Calculating Microgrid Return on Investment (ROI): What’s Electric Reliability Worth?

July 5, 2016
Calculating microgrid return on investment is difficult without a clear understanding of what power outages cost us.

Power outages carry a cost. But exactly how much? Not knowing makes it difficult to calculate microgrid return on investment (ROI), as we explain in “How Microgrids Can Achieve Maximum Return on Investment (ROI): The Role of the Advanced Microgrid Controller.” Below is an excerpt.

Return on investment, or ROI, is a common financial metric used to show the return an investment receives relative to its cost. ROI takes on various forms depending on the industry. For some energy projects, including microgrids, the analysis tends to center on payback—the number of years it takes for the customer to pay back the initial investment and begin seeing a positive cash flow.

At first glance, the idea of establishing ROI for a microgrid seems simple: What did the microgrid cost and what did the customer save on energy bills? How quickly will the savings pay back the investment?

But savings on energy bills alone does not fully value the microgrid. As we pointed out in the previous chapter, microgrids provide value in several ways not readily reflected in bill savings.

Energy reliability—a microgrid’s ability to keep power flowing when the central grid fails—is one of the most important, and most difficult, values to prove. Reliability is often a main reason why customers choose to install microgrids. So the question becomes: What will a power outage cost your operation? The answer varies by customer.

Mice and microgrid return on investment

For example, a research lab can lose years of research, millions of dollars of work, from a power outage. At the University of Texas, energy reliability is valued highly because 80 percent of the campus space is dedicated to research worth about $500 million.

“If a professor loses a transgenic mouse with 20 years of research built into it, that’s a nightmare. That’s what keeps me up at night,” says Juan Ontiveros, the university’s executive director of Utilities and Energy Management, told

Not surprisingly, the university has invested in one of North America’s largest microgrids, a facility with 35-MW (62-MW peak) electric capacity and 1.2 million lb/hr of steam generation (300k peak).

Data centers, supermarkets and certain industrial facilities face similar steep losses from power outages. The military also highly values reliability and has been an early adopter of microgrids. Often the military centers discussion of reliability around energy security, the ability to retain enough power supply to support mission critical responsibilities.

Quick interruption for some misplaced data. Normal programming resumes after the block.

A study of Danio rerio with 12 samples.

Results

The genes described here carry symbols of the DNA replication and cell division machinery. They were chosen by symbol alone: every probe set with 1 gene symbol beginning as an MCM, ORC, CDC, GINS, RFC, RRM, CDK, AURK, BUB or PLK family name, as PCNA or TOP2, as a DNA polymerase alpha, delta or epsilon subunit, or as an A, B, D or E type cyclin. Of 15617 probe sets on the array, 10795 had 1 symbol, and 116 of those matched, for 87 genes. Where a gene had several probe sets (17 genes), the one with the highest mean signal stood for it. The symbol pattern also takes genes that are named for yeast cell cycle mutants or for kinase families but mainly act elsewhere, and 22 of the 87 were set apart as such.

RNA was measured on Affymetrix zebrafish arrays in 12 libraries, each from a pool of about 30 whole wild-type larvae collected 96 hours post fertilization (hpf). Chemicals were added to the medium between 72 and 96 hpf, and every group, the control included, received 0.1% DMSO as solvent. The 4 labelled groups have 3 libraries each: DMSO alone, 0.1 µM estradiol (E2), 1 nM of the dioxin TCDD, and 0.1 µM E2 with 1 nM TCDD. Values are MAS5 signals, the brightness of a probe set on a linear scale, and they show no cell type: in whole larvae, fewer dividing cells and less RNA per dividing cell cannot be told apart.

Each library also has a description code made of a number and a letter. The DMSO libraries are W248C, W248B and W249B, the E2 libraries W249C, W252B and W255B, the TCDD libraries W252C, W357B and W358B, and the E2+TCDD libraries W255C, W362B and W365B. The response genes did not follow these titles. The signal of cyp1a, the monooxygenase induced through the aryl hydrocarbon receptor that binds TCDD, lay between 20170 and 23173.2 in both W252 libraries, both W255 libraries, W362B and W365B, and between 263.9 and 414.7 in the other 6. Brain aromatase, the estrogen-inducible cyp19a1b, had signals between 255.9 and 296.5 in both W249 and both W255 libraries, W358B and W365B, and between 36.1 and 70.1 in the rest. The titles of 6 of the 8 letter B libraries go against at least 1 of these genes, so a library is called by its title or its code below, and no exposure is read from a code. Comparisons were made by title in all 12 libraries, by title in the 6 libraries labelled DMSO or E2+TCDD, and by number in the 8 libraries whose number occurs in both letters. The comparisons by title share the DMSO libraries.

The National Renewable Energy Laboratory (NREL) analyzed the value of electrical energy security at Fort Belvoir military base and pegged it at $2.2 million to $3.9 million annually. NREL’s range reflected the mission of the respective uses within the base and recent performance metrics of each utility. looked at three approaches to value energy security:

▶▶A macro approach that divided total annual energy consumption into gross domestic product to come up with a $/kWh outage cost

▶▶A microscopic approach based on a customer survey that looked at duration of outages, the situation under which it occurred and the customer activity

▶▶An analytical method that considered expected energy not supplied and cost

In deriving the energy security value for Fort Belvoir, NREL employed the microscopic approach, according to NREL researcher Julieta Giraldez.

NREL found that an advanced microgrid—one that continuously optimized its assets—offered greater reliability and greater economic value. While an advanced microgrid may cost more to build than a simple microgrid, the advanced microgrid can provide many more functionalities.

The mystery value

Despite the work of NREL and others, the industry continues to debate the best way to value reliability. As Peter Asmus of Navigant Research says:

“The primary metric that remains a mystery is the value of reliability. Quantifying the benefits of reliability is both art and science. At this point in time, there are no widely recognized financial metrics to monetize the value of energy security and reliability, the key distinguishing feature of a microgrid network.”

Microgrid developers have been attempting to mold common energy financing models to microgrids. These include:

▶▶The power purchase agreement (PPA), frequently used by independent power generators, solar companies and others that offer energy supply

▶▶The energy savings performance contract (ESPC), a model common to the energy efficiency projects that focuses on sharing cost savings between the contractor and customer

The problem with both of these models is that a microgrid is neither a generator nor an energy efficiency project, but a combination of both —with reliability and other benefits added. Establishing ROI for a microgrid requires understanding the value of reliability, along with the intelligence and abilities of the microgrid controller, which helps create the microgrid’s value streams. Until the industry can establish these values, it will be difficult to determine the most effective financing model.

Learn more by reading “How Microgrids Can Achieve Maximum Return on Investment (ROI): The Role of the Advanced Microgrid Controller,” made available for free download courtesy of Siemens.

About the Author

Elisa Wood | Editor-in-Chief

Elisa Wood is the editor and founder of She is co-founder and former editor of Microgrid Knowledge.